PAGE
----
WNBA’s TV spots reach out to men
The WNBA has borrowed a corner of the NBA playoffs stage in a bid to win new fans -- men, to be exact.
In a TV marketing campaign launched during Thursday’s NBA telecasts, the WNBA shows three of its top players acting the role of what might be called a typical male sports fan.
“Sorry, you couldn’t pay me to watch women’s basketball,” Sparks rookie Candace Parker says into the camera in one commercial. “Nothing exciting ever happens. Look at the WNBA. The league has stayed the same for 10 years. . . .”
A voice-over asks, “She wouldn’t say that. Would you?” The commercial ends with game film of Parker.
The WNBA acknowledges that most male viewers probably didn’t give the commercials much attention -- if they watched. Yet, as the league prepares to begin its 12th season in one week, it has reason to think it can change that attitude.
“Men really control sports consumption and conversations,” said Hilary Shaev, the WNBA vice president of marketing. “Some men have misperceptions about the level of play in the league.”
So they tested that theory.
“We took a controlled group of men and women and showed them game footage and, with the men,” she said, “the positive perception of the game increased by 25%.”
The three new commercials, one by Parker and the others by veterans Tamika Catchings of the Indiana Fever and Cheryl Ford of the Detroit Shock, target the usual comments the league hears from men -- no defense in the women’s game and wide-open jump shots -- and debunks them.
Think the comments aren’t usual? Two Lakers fans at the National Sports Grill in Anaheim might be proof enough.
“I don’t think it’s that physical,” said David Moser of Corona. “I don’t think it’s competitive as much. Not to be a male chauvinist too, but it’s women playing ball. . . . We’re ready for the Lakers game, that’s a real man’s sport.”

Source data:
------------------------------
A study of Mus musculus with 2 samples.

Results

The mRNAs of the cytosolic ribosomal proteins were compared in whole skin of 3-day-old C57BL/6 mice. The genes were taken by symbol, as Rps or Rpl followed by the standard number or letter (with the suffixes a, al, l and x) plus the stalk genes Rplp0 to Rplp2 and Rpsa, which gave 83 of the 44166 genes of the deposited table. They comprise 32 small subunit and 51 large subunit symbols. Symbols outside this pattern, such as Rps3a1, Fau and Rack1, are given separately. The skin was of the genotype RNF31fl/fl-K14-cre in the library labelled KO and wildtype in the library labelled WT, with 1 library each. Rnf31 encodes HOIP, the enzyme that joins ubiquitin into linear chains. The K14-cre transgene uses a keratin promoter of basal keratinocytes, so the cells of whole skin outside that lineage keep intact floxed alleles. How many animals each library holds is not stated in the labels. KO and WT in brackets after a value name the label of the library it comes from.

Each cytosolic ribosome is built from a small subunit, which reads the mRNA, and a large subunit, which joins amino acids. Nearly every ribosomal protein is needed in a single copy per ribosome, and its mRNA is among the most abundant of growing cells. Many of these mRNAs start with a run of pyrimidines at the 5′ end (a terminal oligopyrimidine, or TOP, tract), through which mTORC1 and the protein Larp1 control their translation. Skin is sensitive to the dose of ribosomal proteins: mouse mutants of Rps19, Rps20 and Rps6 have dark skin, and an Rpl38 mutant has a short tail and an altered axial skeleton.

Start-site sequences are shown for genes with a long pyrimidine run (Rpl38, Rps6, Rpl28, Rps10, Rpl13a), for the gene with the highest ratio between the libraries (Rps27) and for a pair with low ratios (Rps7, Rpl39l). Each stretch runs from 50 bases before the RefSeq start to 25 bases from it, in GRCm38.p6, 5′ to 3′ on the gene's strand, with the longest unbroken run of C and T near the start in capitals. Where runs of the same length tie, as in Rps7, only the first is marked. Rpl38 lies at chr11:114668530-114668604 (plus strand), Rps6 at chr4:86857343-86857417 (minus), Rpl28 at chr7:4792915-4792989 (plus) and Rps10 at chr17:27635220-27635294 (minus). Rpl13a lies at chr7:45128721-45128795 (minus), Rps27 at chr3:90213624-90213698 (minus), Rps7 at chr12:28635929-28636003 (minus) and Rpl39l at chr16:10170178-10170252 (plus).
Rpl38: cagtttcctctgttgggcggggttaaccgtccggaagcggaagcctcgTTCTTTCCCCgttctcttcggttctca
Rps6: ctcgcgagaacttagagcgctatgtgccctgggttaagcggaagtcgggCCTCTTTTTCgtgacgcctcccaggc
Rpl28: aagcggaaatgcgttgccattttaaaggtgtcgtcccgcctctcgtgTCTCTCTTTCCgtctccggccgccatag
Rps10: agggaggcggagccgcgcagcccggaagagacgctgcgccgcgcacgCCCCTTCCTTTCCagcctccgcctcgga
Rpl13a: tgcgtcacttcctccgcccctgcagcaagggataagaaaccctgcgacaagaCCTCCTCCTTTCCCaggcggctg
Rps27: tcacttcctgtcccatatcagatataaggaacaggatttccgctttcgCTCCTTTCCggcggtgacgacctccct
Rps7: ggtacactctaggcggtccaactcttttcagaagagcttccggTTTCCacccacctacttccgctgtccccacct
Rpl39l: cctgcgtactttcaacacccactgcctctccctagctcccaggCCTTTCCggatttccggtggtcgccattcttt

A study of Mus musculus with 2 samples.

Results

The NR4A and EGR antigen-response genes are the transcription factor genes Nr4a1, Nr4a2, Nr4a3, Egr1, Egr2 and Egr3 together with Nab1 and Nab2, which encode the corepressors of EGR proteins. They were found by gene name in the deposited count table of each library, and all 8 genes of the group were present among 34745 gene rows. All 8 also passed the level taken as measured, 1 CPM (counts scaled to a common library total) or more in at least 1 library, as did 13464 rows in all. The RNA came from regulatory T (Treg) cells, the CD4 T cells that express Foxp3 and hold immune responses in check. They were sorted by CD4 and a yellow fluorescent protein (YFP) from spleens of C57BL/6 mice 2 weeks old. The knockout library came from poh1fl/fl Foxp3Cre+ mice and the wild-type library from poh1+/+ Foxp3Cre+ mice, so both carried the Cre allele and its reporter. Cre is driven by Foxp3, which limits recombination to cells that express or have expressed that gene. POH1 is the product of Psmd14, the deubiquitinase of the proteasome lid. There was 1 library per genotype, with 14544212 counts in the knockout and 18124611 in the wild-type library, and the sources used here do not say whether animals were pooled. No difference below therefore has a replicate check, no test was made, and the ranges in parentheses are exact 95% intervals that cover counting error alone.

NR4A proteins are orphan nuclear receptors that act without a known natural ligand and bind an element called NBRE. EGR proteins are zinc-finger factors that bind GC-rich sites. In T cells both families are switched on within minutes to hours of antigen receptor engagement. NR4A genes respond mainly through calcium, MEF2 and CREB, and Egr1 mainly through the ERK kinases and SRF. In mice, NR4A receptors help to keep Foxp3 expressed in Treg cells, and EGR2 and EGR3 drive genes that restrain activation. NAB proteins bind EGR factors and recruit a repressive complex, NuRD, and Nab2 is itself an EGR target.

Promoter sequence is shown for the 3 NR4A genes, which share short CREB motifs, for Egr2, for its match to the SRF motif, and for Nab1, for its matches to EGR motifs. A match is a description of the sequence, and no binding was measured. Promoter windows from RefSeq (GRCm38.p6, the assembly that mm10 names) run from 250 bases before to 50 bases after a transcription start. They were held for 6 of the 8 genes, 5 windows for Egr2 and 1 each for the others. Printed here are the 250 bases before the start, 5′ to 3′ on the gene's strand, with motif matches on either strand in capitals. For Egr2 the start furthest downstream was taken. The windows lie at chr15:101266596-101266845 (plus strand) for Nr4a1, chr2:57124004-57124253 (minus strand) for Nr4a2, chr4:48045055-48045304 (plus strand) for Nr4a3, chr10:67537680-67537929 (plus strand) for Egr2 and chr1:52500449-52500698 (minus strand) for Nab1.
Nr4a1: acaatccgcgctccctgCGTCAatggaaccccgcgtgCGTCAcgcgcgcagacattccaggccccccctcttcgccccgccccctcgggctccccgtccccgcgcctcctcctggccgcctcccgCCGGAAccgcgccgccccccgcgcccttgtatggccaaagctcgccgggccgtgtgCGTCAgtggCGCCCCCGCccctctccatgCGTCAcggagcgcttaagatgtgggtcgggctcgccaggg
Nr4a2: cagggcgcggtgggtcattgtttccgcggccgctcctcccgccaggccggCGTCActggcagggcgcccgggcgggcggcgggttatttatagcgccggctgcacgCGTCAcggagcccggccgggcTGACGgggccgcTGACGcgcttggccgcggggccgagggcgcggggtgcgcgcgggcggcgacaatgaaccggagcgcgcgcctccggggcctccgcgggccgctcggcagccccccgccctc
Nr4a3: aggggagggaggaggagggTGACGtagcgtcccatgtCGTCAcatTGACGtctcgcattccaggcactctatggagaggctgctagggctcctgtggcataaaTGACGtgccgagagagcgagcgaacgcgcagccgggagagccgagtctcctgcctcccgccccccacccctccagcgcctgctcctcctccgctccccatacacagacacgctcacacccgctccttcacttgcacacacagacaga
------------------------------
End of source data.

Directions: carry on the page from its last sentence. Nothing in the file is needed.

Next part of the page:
Mario Pineda, the other jersey-wearing fan, has never been to a WNBA game, but said, “It’s a little slow-paced . . . and what makes the game is the fans, the atmosphere. You go to those games and you barely get, what, 5,000 people?”
Parker, who has dunked, said winning male fans is tough, but “once they see it, I feel like they’ll come back.”
She also said men should expect a “fundamentally sound” game rather than high-flying dunks or powerful inside moves. Men may “jump higher and are stronger and faster,” she said, but “from a skill perspective, John Wooden has said it best, that women played the purest form of the game.”
David Carter, executive director of the USC Sports Business Institute, said that fundamentals are pleasing, but “nobody pays $3,000 for a courtside seat to see Kobe make a perfectly placed bounce pass.”
Carter cautioned the WNBA about two things: Don’t guarantee a quality of play that would compare to the NBA, and balance “the athlete with the sex appeal that’s an undercurrent throughout sports.”
Added Parker: “Just getting people to open their eyes to understand that our game is completely different than the men’s, and different isn’t bad.”